The business case for Big Data – Part 3: Mind the Gap!


Today, an organisations ability to continuously blend external sentiment against internal operational efficiency is tantamount to survival.

Your big data business case is nearly complete having focused on the revenue potential at your organisations busiest points of interaction, then the cost potential, through on-going reduction of your back-office structured IT interfaces.

Now it’s time to focus on the risk aspects by applying three little words heard daily when travelling across subterreanean London.

Mind the Gap!

I am sure that those familiar with traveling on the London Underground will have heard this phase numerous times on arrival at a station (It reminds individuals not to fall in between the train and platform and, should only need common sense rather than the application of data science!).

This metaphor is extremely useful however, in looking at the current operational risks across your organisation which if managed and subsequently intelligently analysed, further augment your business case from a benefits perspective.

Figure 1:  Understanding your operational gaps leads to further big data opportunities

Taking the example in Figure 1 for the COO and CMO, which depicts two of the organisational quadrants illustrated, and, is the classic scenario where organisations that continue to build from an inside-out COO-perspective (in this case building products that we are good at building), may well be devoid of the changing needs of consumers as the market evolves (CMO-perspective).

A big data business case here, could be built on the following hypothesis:

‘Are we building the right products to meet the current market demand and if not, do the required products match our product development capabilities?’

Finding ‘unknown unknowns’ is art not science

Donald Rumsfeld’s infamous phase leads us on a journey that will require a data science solution that blends market sentiment data (what consumers think of our products) against, an analysis of what we can and cannot build with our current processes and in-house expertise. Equally, we would also need to consider the potential revenue opportunities of adapting our products against the operational costs required to effect this change.

This would lead to a business case galvanised against a key business vision and decision at the CxO level; If we adapt our products to meet anticipated demand, our revenue uplift would be X as opposed to ‘staying as is’ where it would be Y. Job done right?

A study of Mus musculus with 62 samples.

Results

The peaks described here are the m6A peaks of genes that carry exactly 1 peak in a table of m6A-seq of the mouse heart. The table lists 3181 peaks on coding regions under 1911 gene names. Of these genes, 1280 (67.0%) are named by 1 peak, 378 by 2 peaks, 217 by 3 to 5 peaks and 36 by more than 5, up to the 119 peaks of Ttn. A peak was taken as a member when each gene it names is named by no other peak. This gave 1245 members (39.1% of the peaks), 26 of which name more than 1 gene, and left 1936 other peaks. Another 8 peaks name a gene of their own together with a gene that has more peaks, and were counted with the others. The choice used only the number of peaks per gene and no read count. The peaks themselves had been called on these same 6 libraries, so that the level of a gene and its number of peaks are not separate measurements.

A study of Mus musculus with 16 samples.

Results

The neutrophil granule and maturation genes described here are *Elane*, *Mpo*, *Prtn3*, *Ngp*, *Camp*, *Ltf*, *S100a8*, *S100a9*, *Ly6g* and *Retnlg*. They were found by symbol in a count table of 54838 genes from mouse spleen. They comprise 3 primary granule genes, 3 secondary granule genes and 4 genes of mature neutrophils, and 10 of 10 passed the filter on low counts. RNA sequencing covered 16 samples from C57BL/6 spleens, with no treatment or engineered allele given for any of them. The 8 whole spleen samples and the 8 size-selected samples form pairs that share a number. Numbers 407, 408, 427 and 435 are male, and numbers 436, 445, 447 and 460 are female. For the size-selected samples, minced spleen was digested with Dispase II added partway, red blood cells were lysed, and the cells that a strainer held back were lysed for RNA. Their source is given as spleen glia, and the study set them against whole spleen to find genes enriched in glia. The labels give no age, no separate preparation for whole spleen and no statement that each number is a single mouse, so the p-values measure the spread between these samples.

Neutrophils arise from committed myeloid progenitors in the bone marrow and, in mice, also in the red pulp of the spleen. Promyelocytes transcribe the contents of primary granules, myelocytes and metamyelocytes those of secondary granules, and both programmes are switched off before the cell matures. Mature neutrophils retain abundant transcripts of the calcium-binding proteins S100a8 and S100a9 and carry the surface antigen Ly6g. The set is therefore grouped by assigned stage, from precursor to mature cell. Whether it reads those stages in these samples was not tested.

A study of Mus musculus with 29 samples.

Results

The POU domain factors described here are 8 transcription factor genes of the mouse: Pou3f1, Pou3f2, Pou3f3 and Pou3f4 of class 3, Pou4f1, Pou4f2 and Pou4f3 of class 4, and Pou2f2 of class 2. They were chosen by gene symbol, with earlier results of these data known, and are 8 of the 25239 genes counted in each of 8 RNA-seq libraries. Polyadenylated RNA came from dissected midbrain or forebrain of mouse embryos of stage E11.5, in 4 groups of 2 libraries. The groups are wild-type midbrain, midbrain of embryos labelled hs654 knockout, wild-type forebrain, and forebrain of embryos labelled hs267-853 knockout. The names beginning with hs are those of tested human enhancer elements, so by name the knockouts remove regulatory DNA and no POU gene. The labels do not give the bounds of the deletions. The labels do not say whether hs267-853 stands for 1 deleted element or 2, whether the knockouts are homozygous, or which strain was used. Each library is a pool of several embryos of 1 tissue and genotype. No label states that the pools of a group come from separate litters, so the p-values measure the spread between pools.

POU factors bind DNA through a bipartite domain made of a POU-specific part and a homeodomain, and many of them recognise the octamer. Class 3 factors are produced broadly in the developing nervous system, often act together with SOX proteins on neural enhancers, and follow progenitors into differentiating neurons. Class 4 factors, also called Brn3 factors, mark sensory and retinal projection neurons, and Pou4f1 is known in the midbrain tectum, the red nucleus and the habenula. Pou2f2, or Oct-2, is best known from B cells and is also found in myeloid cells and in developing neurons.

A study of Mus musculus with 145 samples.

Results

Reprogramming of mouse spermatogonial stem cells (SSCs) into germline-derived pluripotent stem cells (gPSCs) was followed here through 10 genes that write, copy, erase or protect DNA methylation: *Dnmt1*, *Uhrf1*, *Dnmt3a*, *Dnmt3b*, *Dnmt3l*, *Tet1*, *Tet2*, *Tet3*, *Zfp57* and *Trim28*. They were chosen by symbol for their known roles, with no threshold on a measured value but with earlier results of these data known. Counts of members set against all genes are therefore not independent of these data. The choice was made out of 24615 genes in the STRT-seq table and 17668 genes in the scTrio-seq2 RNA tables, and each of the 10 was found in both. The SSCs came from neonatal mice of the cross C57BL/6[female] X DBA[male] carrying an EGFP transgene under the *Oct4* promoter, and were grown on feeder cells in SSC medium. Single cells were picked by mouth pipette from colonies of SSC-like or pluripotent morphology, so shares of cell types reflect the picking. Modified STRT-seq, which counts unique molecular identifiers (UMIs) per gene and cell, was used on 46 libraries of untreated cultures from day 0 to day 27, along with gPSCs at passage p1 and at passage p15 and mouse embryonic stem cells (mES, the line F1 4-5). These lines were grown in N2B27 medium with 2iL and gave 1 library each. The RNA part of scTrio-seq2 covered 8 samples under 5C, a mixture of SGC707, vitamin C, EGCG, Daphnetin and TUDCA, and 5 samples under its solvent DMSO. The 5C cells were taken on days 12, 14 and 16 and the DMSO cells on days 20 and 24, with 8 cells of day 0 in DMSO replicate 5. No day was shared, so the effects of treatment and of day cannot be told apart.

Wrong! This would be a perpetual cycle based on the application of numerous data science algorithms, consistent and actionable metrics and finally, continuous business activity monitoring (and benefits realisation calculations) to continuously to stay ahead of the market.

Similarly, the more gaps you combine into a single improvement process, the more points of business interactions you positively influence and, the more back-office interface savings you can drive. In short, although our business case has been constructed in 3 sequential steps, it is in fact the risk component that leads to revenue and cost opportunities further down the line.

Your big data start-up begins here!

If your organisation mitigates its key risks intelligently, it stands to reason that this will improve new customer closure, reduce existing customer churn, optimise the costs associated with the provision of service and in time, with continuous application of an evolving concept I am calling ‘Data Art‘, will make your culture more customer focused than ever.

You now have the basis of your big data business case for cost, revenue and risk, have adopted the ideals of the ‘Big Data Start-up‘, are focusing on ‘Right Data rather than Big Data‘ and should now be able to progress your initiative. Remember though,

Even the best algorithms, people and the tightest statistics mean NOTHING unless, you can make a story our of your findings.

I will move on in my next blog to discuss the emergence of ‘Data Art which alongside a sound foundation of  data science will increasingly enable organisations to make big data meaningful, tangible and actionable.